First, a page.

Have you ever wanted more from lightplane recreational flying than driving from point A to point B for the $200 hamburger? (Well, there’s aerobatics, but that’s another story.) So, instead of thinking of flying from A to Burger, how about A to Backcountry? Before you dismiss this with a “Hey, my airship is a 172, not a Super Cub,” read on. We don’t have to think of backcountry flying as bush flying, like into a 300-foot gravel bar on the Yukon River. Let’s just define a backcountry strip as someplace you can take your ship to pitch a tent, fry your own burgers, take a nature hike, hopefully avoid the crowd and maybe do a little fishing.
The first planning step is to match your airship’s capability with some suitable destinations. Some questions to ask yourself are: Is the strip long enough, considering the expected density altitude and a possible downwind takeoff? Is the strip too rough for the landing gear? Are the approach and landing surface a fair match with my demonstrated skills? At what time of the year should I fly to the destination? What should I take? Am I going for a day trip or a monthlong, multi-destination, full campout safari? How will I communicate if there is a problem? Whom can I contact to get current surface conditions and expected weather?
I’ve been flying my Christen Husky almost exclusively into the backcountry for the past 17 years and almost 6,000 hours. The memories are too many to list, but a few of my best times easily come to mind: the seven-plus echoes off the cliffs at Dirty Devil, Utah, listening to a Mexican music station as the campfire dies and sleep arrives, having a wolf mysteriously appear at my side, then suddenly vanish as I turn away, and, last but not least, the slight adrenaline fix that comes from the first landing at each new place.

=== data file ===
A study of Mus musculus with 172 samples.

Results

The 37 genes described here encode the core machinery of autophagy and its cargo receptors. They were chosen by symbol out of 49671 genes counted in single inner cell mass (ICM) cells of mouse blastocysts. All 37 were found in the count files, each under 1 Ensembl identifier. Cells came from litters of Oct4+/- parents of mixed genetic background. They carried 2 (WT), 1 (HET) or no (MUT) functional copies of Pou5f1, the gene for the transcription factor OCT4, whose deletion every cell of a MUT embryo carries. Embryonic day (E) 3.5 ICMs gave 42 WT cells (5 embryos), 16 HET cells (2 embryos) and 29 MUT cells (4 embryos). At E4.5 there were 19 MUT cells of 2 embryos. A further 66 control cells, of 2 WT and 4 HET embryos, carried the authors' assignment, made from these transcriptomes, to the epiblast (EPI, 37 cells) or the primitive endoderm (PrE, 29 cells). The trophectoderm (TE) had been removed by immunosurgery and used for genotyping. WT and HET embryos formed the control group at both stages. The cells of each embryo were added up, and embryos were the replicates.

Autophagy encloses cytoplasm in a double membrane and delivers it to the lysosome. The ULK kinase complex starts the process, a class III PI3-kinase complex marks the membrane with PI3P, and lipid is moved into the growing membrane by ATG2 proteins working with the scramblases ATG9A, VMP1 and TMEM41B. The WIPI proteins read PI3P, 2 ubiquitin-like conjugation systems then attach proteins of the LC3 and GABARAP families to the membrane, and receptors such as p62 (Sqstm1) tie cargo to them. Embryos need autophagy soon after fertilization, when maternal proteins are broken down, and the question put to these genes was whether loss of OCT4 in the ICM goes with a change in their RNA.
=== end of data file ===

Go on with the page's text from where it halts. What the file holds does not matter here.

The challenging times are even easier to recall and, in some ways, even more pleasant to contemplate: being run out of camp by a bear, dealing with a broken landing gear strut, having problems getting the airplane to start, getting stuck in the mud, sitting in the plane all night long in the wind, rain and cold, being grounded in a tent for days at a time in foul weather, emergency landings at serendipitously appearing deserted strips, and, perhaps the worst of times, setting up camp in 30-plus-knot winds.
Being confident of your airship’s mechanical condition and in your ability to improvise solutions are important elements of backcountry flying. Not being able to start the engine is annoying at the burger strip, but at a serious backcountry strip, it has the potential to bust both your vacation and your wallet. Most starting problems can be overcome if you can safely hand-prop your plane. I encourage anyone flying into the backcountry to get competent instruction and experience in doing this, recognizing that for some airplanes, this isn’t practical. A lesson that I’ve learned here is to carry a spray can of starting fluid. A shot or two of this in the carburetor air inlet will do wonders.